By now, many of us have been the unsuspecting recipient of an email message from an individual, or (supposed) business asking us to “click the link below” to resolve a pressing matter. Or, we received a business opportunity that seems too good to be true; such as the following real-life example:
I am ready to make payment now with my credit card, but I will need a Little favor from you and the favor is that I will send you my credit card to charge for the sum of $6,450.00 plus 3% cc company charges. You will deduct $3,250.00 as deposit for the design of the website plus extra $200.00 as a tip for handling perfect work for me and you will send the remaining $3,000.00 to the project consultant…
The problem is, there is no project consultant because this is not a legitimate business opportunity. Unsuspecting business owners and individuals alike are frequently caught off-guard and may not realize what is happening until it’s too late. Here’s another actual example of a common scam that has been circulating for the past few years:
Good Day, Am Rickson Smith i am an hearing impaired.i wanna know if you can handle website design for a new company and also if you do you accept credit cards ?? kindly get back to me ASAP so i can send you the job details…
Both of these examples are attempts to launder money by requiring a business work with an unnamed individual identified only as a “project manager” or “project consultant” to receive money for handling portions of the job.
So how do you identify email scams and what can you do to prevent them from occurring? By becoming informed of some common red-flags indicating potential email scams and by following simple, best-practices below, you can help to ensure that your time, money and sensitive information is safeguarded.
Red Flags for Suspicious Email
- You receive an inquiry from a startup business claiming to be located outside the USA, with a contact/agent/go-between in the USA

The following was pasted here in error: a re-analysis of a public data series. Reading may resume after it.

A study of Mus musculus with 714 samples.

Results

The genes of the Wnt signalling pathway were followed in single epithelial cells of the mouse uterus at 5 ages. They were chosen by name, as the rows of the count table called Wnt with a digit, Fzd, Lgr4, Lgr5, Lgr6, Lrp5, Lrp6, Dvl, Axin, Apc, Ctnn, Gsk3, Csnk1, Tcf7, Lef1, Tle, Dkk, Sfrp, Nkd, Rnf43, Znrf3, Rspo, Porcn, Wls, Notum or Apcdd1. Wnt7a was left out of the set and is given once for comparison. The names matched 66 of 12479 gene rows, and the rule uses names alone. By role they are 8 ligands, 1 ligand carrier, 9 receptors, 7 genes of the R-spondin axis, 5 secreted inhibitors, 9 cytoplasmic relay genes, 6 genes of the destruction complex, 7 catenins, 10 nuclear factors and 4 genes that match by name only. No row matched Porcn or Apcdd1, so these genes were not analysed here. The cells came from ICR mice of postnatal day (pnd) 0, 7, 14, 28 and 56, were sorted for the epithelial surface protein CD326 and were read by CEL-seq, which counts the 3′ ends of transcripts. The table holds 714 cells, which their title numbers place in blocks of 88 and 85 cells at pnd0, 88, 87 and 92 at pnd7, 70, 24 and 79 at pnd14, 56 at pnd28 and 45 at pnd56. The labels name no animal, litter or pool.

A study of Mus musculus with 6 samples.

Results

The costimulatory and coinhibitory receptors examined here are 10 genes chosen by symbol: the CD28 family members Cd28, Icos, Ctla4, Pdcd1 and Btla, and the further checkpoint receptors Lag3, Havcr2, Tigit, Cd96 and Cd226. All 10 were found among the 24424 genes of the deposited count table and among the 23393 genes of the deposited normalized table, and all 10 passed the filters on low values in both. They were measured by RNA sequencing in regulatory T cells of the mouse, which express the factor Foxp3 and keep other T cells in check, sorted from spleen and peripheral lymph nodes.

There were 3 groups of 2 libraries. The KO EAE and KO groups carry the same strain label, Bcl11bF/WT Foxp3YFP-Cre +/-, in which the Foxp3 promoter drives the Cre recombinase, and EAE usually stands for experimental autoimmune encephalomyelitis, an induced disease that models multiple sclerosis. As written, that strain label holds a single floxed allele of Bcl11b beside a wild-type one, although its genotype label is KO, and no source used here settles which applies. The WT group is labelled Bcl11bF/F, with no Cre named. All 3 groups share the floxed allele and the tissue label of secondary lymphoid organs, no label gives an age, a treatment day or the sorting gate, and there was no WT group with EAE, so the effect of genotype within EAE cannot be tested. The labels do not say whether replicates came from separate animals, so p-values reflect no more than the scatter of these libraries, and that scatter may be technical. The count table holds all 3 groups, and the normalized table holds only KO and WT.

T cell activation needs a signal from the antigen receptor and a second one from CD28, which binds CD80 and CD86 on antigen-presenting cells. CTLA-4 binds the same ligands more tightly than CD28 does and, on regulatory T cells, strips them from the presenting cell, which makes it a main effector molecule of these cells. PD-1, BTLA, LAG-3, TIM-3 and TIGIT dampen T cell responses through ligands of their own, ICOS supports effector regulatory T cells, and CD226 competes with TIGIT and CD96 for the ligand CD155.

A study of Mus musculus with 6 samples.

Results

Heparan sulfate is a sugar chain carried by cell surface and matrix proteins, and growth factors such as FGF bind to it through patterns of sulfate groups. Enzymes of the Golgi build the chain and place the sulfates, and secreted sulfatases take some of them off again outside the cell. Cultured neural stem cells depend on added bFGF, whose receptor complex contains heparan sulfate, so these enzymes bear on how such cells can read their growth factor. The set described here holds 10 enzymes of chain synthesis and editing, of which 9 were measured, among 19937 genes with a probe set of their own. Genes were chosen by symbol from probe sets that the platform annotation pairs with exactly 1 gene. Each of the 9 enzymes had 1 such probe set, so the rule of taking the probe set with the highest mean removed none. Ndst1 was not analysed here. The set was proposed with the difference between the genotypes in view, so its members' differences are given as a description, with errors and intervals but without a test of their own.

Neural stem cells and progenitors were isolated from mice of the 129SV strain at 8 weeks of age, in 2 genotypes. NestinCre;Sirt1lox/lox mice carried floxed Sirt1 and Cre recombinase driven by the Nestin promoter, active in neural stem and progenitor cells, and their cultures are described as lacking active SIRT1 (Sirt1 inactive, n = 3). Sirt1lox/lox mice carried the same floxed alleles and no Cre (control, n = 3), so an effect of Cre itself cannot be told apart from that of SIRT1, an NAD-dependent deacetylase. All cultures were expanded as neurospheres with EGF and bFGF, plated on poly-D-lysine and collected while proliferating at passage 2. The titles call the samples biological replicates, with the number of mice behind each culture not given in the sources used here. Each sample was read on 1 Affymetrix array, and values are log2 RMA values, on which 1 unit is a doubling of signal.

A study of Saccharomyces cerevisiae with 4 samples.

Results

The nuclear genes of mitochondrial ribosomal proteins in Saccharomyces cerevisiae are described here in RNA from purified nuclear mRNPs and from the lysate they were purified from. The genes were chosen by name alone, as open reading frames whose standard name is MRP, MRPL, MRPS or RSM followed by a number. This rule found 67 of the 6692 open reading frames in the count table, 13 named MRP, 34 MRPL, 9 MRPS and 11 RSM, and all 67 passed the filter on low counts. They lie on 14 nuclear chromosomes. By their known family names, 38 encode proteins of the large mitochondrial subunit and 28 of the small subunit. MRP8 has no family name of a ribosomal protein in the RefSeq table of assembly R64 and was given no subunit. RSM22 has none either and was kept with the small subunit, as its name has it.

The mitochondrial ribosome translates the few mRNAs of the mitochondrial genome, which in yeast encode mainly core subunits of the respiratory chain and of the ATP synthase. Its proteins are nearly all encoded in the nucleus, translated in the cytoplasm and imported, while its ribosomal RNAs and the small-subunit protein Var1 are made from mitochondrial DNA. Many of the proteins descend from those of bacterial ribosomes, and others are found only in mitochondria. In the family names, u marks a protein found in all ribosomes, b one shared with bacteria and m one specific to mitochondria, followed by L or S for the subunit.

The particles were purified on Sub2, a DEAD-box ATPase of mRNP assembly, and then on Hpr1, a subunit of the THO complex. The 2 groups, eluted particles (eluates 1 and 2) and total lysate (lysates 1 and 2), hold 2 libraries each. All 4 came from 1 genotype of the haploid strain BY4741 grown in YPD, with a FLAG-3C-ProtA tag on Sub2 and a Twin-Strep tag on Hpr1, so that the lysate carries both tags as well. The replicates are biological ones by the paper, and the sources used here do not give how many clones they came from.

- The inquiring party offers just enough information to make it sound like a legitimate business inquiry
- The inquiring party asks right away if you accept credit card payments
- The inquirer uses poor (English) grammar
- You receive no response to direct questions about the opportunity, and the inquirer is vague about details
- The inquirer is eager to pay you
- You are requested to refund the overpayment to the sender or their agent through Western Union (if money orders) or another means.
Don’t Bite the Hook – What to Do with Suspicious Email
Sage advice in life and with suspicious email – when in doubt, don’t; don’t click links, don’t respond to the sender by email or phone, and do not under any circumstances download or open attachments that may be connected to a suspicious message.
To help you verify who a message really may have come from, here are a few things you can do.
View email headers
A typical email header displays several lines that begin with “Received.” Note the last “Received” line; this line will look something like this:
Received from genericwebsite.org (123.456.789.101)
If the “Received from” information does not match the email address of the sender or the company being represented in the email, it usually means that the message did not truly come from that individual or company.
Check the Links
Depending on your operating system and email client, you can usually hover- over (but don’t click) any link in an email, and you will see a pop-up that shows you the actual URL that you will be taken to. Here’s an example:
You can clearly see that the visible link and the real link do not match—be careful. If the URLs in your email do not match, or the second URL is not from a domain or company you are familiar with, this is a good indication that this is a phishing email.
Check that the website you’re accessing is legitimate
If you think the URL is legitimate and you click on the link, you can still check that it’s a trusted website and business. Modern browsers like Safari 5, Firefox 7, Google Chrome, and Internet Explorer 10 display the company name in green if the site has been issued an Extended Validation (EV) Certificate and is a legitimate website/business.
Note the email greeting
Phishing emails tend to start with generic phrases like “Dear valued customer” or your email account name, such as “Dear snookums123,” instead of your name (“Dear Emily” for example). Most legitimate companies include your name in their correspondence because companies will have it on record (if you’ve dealt with them before).
The message arrived at a different email address than the one you gave the sender
If the sender sent the message to an address that was not the one you provided to the company, this is usually a good indication that the message is not legitimate. You can usually verify what email address a company has on file on their website (just be sure to go to their real website instead of following any links in a suspicious email).
Take Action to Avoid Suspicious Email
Check out these awesome cyber-tips developed specifically for small businesses! Be informed, be proactive, and stay safe online.